In Bolivia, a new generation of wrestlers in bowler hats
Paola Flores | The Associated Press02/27/19, 00:01
A new generation of athletes is coming to one of the world’s more colorful sporting spectacles: the fighting cholitas of Bolivia, who take to a wrestling ring in the traditional billowing skirts, bowler hats and leather shoes of Aymara women.
The sport — known by the English-derived name catchascan — has delighted foreign tourists and photographers for years while building a sense of pride among indigenous women. But the group of competitors has gradually dwindled over time to just seven.
Among the most famous is Reyna Torrez, the ring name of Leydi Huanca, who has entertained spectators for a dozen years, her moves inspired by Mexican wrestlers such as Rey Mysterio.
Now 29, Torrez is training a new cohort of wrestlers, ages 16 to 19, in hopes of keeping the sport alive.
“I love those leaps of Reyna, and it’s a dream that she’s teaching us,” said 17-year-old Nieves Laura Tarqui, who wrestles as Nelly Pankarita, a last name that means “Little Flower” in Aymara.
Pankarita and the other trainees are still a year away from their full professional debuts while training in matches against the established athletes.
“It’s hard to wrestle,” said 19-year-old Noelia Gonzalez — aka Natalia Pepita. “You need a lot of bravery, strength and training to make a good fight. We fall and we hurt, but that doesn’t matter because the public has fun.”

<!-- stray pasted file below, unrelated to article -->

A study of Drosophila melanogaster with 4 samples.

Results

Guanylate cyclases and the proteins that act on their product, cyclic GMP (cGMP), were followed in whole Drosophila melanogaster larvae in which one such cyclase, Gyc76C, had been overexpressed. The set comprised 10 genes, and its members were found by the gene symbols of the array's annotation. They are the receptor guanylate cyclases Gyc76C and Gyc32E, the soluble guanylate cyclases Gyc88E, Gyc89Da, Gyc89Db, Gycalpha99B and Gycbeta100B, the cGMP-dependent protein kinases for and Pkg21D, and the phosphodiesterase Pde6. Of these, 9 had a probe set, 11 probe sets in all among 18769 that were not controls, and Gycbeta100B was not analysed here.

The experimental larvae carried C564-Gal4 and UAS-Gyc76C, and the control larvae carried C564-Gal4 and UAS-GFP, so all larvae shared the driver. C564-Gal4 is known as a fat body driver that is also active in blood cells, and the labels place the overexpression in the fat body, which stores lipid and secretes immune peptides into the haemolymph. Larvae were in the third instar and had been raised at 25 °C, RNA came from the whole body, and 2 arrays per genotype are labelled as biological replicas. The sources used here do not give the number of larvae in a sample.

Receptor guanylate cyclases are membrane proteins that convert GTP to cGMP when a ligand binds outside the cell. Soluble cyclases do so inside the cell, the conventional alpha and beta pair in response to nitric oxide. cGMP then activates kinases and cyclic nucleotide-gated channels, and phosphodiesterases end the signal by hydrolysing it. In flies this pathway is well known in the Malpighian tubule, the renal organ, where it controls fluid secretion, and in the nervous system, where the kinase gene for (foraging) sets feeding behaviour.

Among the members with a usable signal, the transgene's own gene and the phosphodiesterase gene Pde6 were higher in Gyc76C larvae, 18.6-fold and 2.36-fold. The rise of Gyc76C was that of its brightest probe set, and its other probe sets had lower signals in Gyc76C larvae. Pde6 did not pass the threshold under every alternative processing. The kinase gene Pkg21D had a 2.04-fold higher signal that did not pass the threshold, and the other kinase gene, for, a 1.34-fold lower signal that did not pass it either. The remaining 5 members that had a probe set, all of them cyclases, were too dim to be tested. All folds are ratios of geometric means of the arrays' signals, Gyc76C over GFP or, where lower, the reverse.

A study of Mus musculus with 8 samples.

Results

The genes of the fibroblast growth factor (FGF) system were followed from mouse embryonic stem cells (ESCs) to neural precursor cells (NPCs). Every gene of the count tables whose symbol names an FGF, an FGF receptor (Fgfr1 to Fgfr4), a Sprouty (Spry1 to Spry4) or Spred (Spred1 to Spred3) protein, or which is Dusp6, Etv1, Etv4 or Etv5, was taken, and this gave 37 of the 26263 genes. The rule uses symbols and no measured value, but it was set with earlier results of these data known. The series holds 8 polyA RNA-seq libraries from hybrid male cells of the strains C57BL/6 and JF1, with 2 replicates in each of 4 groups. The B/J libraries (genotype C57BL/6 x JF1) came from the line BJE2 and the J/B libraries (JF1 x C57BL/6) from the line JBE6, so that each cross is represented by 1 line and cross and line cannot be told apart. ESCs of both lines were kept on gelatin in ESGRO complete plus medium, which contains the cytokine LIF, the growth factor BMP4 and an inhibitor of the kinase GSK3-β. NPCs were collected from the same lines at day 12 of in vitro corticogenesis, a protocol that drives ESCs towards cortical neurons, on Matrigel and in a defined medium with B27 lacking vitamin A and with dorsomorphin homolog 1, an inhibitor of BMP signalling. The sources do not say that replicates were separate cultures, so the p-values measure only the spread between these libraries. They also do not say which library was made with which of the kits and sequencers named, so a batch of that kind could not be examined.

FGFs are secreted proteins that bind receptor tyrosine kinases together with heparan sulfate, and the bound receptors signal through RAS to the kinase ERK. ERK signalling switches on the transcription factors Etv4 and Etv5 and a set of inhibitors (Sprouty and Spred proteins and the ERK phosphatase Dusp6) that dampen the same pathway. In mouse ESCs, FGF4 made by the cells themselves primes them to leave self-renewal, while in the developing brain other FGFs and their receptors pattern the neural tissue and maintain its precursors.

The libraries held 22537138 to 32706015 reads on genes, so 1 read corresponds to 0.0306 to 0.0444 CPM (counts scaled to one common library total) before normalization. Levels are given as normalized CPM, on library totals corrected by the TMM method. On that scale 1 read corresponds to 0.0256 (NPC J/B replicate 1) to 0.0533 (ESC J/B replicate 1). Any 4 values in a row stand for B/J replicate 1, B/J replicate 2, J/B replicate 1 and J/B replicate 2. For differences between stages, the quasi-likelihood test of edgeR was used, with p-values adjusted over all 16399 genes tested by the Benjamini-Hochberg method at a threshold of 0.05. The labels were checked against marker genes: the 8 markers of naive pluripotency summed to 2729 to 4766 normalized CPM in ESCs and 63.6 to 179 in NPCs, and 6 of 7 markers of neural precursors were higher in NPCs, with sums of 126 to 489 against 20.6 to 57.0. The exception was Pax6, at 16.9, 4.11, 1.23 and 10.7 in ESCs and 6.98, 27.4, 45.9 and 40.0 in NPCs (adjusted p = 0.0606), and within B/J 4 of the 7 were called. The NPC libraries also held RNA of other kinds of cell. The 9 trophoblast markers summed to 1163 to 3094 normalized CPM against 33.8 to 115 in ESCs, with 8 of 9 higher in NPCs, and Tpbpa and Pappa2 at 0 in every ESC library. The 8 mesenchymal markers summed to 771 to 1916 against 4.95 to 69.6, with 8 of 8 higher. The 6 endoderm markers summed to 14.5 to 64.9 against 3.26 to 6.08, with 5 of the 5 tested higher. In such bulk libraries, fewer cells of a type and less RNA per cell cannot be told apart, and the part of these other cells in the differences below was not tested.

As a match is about to start, the contenders peer into a mirror, apply makeup and perfume and then enter the ring dancing to folkloric music. This time it’s Pepita taking on her teacher. And of course it doesn’t start well.
As the audience chants “Pepita! Pepita!” the rookie finds herself paralyzed between the ropes as Torrez strangles her with her own pigtails. Then the tide turns. Pepita slips away, leads Torrez on a race around the ring and then uses a flying kick to the chest — a move Torrez taught her — to knock her down. Within minutes, Torrez is pinned to the floor and the public rises to applaud as Pepita pulls at her pigtails in emotion.
“The girls who want to do this sport have to have guts, will, because this is a sport that demands a lot of discipline,” Torrez said.
About 50 young women are training at three schools to take up the sport, some at an institution known as Independent Wrestlers of Enormous Risk.
“Time is passing, and you have to make way for a new generation,” said Benjamin Simonini, director of the school in the sprawling highlands city of El Alto, which has seen a boom in recent years and where the fighting cholitas have emerged as a tourist attraction.
Tatiana Monasterios of the city’s tourist department said the shows “also assert the role of the Ayamara woman, showing her as enterprising, that she, too, can take part in a risky sport.”